Performance.gov is finally up and running. The website details the status of agencies’ goals in eight different management areas, including human resources, technology and open gov.
Initial reaction was positive from Robert Shea, former associate director at the Office of Management and Budget: “I think it’s pretty cool.”
“For a geek like me who follows performance, it’s like a candy store,” Shea said of Performance.gov.
Shea, currently a principal with Grant Thornton, had helped launch ExpectMore.gov. That website contained as assessment of every federal program.
“I think the White House has come to the conclusion that that kind of detail is not that useful, and so they tried to make this a lot more accessible,” Shea said.
Performance.gov is in fact accessible and offers visualization tools, from improper payments to federal property ownership. The data now, however, is uneven with some areas — like personnel — containing a lot of information and other areas — like customer service — offering “not much at all,” he said.
“I suspect over time, as people use it and there’s demand, it’ll get better and better,” Shea said.
Another challenge moving forward is maintaining the data, a big question mark as the E-government Fund took a 75 percent budget cut this year.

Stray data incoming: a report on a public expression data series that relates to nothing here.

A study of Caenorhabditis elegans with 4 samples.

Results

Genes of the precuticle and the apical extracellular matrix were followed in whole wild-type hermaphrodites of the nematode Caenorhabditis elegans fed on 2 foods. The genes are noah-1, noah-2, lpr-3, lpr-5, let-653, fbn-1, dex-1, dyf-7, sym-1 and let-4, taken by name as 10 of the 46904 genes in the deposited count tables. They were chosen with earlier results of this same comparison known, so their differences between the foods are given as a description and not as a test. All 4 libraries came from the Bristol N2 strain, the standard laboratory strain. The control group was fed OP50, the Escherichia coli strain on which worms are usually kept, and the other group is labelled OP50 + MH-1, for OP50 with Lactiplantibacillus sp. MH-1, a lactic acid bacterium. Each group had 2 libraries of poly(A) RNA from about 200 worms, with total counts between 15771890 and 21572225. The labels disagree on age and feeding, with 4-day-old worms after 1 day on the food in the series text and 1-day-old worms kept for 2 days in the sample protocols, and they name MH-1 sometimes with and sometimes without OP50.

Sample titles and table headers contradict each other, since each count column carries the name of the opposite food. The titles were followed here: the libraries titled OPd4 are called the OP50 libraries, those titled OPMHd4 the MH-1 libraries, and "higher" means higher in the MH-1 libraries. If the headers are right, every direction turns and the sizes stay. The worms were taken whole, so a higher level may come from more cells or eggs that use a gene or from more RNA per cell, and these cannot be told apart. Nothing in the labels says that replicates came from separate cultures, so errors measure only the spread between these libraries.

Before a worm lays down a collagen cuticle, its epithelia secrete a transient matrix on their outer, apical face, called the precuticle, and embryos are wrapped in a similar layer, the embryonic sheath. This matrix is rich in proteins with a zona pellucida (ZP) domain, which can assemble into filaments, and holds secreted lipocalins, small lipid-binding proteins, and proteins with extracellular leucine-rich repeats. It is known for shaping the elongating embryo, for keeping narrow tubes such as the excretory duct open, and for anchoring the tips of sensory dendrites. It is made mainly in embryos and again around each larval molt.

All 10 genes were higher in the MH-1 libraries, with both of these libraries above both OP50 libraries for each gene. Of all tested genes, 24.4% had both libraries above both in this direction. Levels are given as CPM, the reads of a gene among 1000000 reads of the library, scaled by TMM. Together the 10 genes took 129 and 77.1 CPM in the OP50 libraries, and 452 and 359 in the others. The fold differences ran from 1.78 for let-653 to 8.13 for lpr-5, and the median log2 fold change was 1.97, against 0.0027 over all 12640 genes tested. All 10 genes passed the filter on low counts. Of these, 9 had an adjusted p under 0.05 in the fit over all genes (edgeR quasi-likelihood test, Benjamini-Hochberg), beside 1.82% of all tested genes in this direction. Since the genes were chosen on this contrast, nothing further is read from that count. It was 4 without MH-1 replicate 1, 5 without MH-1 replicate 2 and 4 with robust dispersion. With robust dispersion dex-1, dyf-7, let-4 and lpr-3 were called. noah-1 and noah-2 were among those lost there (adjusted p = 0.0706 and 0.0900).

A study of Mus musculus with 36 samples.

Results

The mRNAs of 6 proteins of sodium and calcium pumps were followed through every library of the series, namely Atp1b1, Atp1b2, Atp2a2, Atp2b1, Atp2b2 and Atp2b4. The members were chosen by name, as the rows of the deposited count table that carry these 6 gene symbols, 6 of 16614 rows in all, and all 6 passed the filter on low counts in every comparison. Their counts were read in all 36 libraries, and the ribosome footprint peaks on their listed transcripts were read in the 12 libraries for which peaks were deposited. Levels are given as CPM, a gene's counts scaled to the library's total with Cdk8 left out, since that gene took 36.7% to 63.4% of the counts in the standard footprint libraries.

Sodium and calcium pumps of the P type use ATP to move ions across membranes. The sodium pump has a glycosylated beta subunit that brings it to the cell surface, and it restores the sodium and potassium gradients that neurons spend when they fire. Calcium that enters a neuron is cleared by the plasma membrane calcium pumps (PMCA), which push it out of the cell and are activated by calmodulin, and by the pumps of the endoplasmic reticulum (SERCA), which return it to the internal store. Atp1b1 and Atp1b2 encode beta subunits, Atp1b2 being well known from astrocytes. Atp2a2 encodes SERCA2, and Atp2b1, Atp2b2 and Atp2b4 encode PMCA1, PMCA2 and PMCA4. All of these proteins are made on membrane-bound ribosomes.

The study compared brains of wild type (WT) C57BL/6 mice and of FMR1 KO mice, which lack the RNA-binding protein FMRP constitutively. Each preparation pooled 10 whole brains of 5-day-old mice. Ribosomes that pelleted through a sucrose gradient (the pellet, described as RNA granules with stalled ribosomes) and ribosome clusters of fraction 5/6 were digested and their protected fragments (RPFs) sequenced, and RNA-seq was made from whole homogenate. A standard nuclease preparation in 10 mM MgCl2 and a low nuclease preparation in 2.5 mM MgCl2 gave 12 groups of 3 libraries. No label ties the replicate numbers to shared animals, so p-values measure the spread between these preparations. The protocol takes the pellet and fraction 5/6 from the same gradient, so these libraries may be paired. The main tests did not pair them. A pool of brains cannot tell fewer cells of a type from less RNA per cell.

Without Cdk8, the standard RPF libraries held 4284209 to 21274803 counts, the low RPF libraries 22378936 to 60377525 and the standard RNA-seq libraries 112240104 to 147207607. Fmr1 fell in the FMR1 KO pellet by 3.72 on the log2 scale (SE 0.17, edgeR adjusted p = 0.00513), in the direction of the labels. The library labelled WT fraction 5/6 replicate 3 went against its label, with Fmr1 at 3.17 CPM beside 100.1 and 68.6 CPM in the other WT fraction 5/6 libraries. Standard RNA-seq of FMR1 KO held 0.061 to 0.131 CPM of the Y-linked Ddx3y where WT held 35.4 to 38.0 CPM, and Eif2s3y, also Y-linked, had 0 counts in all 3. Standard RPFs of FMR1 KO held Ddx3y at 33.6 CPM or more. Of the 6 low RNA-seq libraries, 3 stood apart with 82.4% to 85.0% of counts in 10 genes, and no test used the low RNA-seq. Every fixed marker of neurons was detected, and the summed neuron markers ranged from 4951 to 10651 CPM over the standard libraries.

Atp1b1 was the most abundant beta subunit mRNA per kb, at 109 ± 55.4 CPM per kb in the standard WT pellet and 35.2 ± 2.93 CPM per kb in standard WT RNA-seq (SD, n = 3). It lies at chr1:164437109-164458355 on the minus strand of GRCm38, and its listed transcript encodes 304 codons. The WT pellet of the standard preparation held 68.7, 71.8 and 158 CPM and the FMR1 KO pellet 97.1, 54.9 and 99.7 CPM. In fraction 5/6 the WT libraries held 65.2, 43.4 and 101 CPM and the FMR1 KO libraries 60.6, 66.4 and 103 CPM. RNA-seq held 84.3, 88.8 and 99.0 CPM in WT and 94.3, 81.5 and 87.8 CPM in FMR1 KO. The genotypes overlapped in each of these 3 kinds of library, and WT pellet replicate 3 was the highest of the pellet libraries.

“I think it’s hogwash there’s going to be a scarcity of resources devoted to websites because it’s such a small investment compared to the overall budget,” Shea said.
Budget cuts will force the government to consolidate or eliminate duplicative or underused websites.
One result could be to make Performance.gov a “single go-to site for this kind of information,” he said.
Also, click above to hear analysis from WFED’s Jason Miller, who is covering the story.
Francis Rose is the host of In Depth, which airs weekdays from 8-10 a.m. on 1500 AM in the Washington, D.C. metro area and online everywhere. Francis has covered all three branches of the federal government as a broadcast journalist since 1998. He joined Federal News Radio in 2006, and launched In Depth in 2008 as a daily show focused on connecting federal executives to the information they need to do their jobs better.